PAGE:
The primary bright spot in health IT that emerged in the survey was virtual care, remote care and telemedicine, with three-quarters of respondents reporting interest in companies focused on those areas, compared to just 67.5% prior to the pandemic.
The survey seemingly reaffirms trends spotted last quarter.
Digital health startups got a collective $4.5 billion in funding during 2020's first quarter, a 4% drop from $4.7 billion in funding during the fourth quarter of last year, according to a report from CB Insights, a firm that analyzes data on venture capital and startups. Funding deals in digital health also dropped 8% quarter-over-quarter.
Deals involving telemedicine companies, however, doubled—rising from 51 funding deals in last year's fourth quarter to 103 deals in the first quarter of 2020.
Telemedicine funding rose to $1.6 billion, up 278.9% from $418 million in 2019's fourth quarter.
"Telehealth has been the strongest example of growth," said Marissa Schlueter, a senior analyst at CB Insights. She added that mental health and social determinants of health startups have also seen a rise in funding in recent months.
CB Insights hasn't completed its report for 2020's second quarter, but Schlueter said a preliminary review of funding data suggests digital health funding may continue to drop. Based on data available to date for the second quarter, funding deals for digital health startups are expected to be down 6% quarter-over-quarter and down 12% year-over-year.
"For the full year, I would expect that deals will probably be down slightly," she said.
Telemedicine has experienced marked growth in response to the COVID-19 outbreak, helped by federal agencies waiving regulatory restrictions and expanding reimbursement.
In fact, telemedicine spending is expected to grow to $250 billion a year as COVID-19 paves the way for virtual and remote care, according to a recent report from consulting firm McKinsey & Co.
UnityPoint Health's $100 million venture capital fund recently invested in Bright.md, an asynchronous telemedicine startup. Discussions for the deal started before COVID-19, but it "came together relatively quickly after the outbreak," said Matthew Warrens, managing director of innovation at UnityPoint Health Ventures.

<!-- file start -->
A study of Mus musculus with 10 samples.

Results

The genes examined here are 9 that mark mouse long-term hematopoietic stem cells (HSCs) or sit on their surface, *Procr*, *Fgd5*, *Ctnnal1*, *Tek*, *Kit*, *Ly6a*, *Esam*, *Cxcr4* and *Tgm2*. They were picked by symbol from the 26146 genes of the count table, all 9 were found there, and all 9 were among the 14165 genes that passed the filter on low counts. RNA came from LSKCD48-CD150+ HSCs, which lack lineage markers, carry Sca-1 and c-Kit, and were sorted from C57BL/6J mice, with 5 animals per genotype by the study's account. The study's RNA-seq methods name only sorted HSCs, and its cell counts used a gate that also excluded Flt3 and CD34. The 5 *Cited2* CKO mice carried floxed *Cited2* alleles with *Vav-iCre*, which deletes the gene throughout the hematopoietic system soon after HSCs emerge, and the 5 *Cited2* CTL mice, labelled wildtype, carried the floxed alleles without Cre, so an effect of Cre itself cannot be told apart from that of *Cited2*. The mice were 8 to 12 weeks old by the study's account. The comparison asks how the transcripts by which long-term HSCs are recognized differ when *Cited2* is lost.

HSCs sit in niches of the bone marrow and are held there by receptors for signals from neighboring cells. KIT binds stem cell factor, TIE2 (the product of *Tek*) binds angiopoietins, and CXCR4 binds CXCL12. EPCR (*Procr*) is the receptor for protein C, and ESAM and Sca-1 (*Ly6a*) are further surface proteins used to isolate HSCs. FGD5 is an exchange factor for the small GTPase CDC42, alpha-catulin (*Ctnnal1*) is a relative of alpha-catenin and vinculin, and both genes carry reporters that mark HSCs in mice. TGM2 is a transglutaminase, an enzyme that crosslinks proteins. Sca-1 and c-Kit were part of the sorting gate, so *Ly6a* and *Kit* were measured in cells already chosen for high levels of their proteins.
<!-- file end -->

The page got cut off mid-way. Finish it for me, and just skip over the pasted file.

Warrens said COVID-19 hasn't shifted the fund's focus, since patient-facing digital tools were already part of its strategy.
"If anything, COVID will accelerate the consumer demand for these digital products," Warrens said. West Des Moines, Iowa-based UnityPoint Health launched the venture capital fund in May of last year to invest in early-stage digital health, medical device, therapeutic and healthcare services startups.
Tim Epple, a principal at healthcare consultancy Avalere Health who advises private equity firms, said he's seen a dip in investing interest across healthcare. Some private equity firms have paused investments into provider groups and physician services on account of lower patient volumes and revenue experienced during the pandemic.
But firms that typically invest in provider groups could see gains from investing into telemedicine companies and bringing those virtual care services to physician practices in their portfolio, he said.
"Not only are you investing in a stand-alone asset or platform that has its own merit … you're actually investing into a platform that, in a lot of ways, could probably integrate with your current portfolio," Epple said.
Investors' waning interest in other health IT segments likely won't last forever, according to Healthcare Growth Partners' survey.
Though most private equity funds indicated COVID-19 would lead to a moderate decline in their firm's view of health IT valuations over the next six to 12 months, most said COVID-19's effect on health IT valuations over the long-term would be neutral or a moderate increase.
McCord said he expects to see the dip in private equity funds' interest in health IT segments to continue during the COVID-19 pandemic, largely on account of uncertainty about a second wave. But "I think once we get on the other side of the pandemic, you'll see that sentiment change," he said.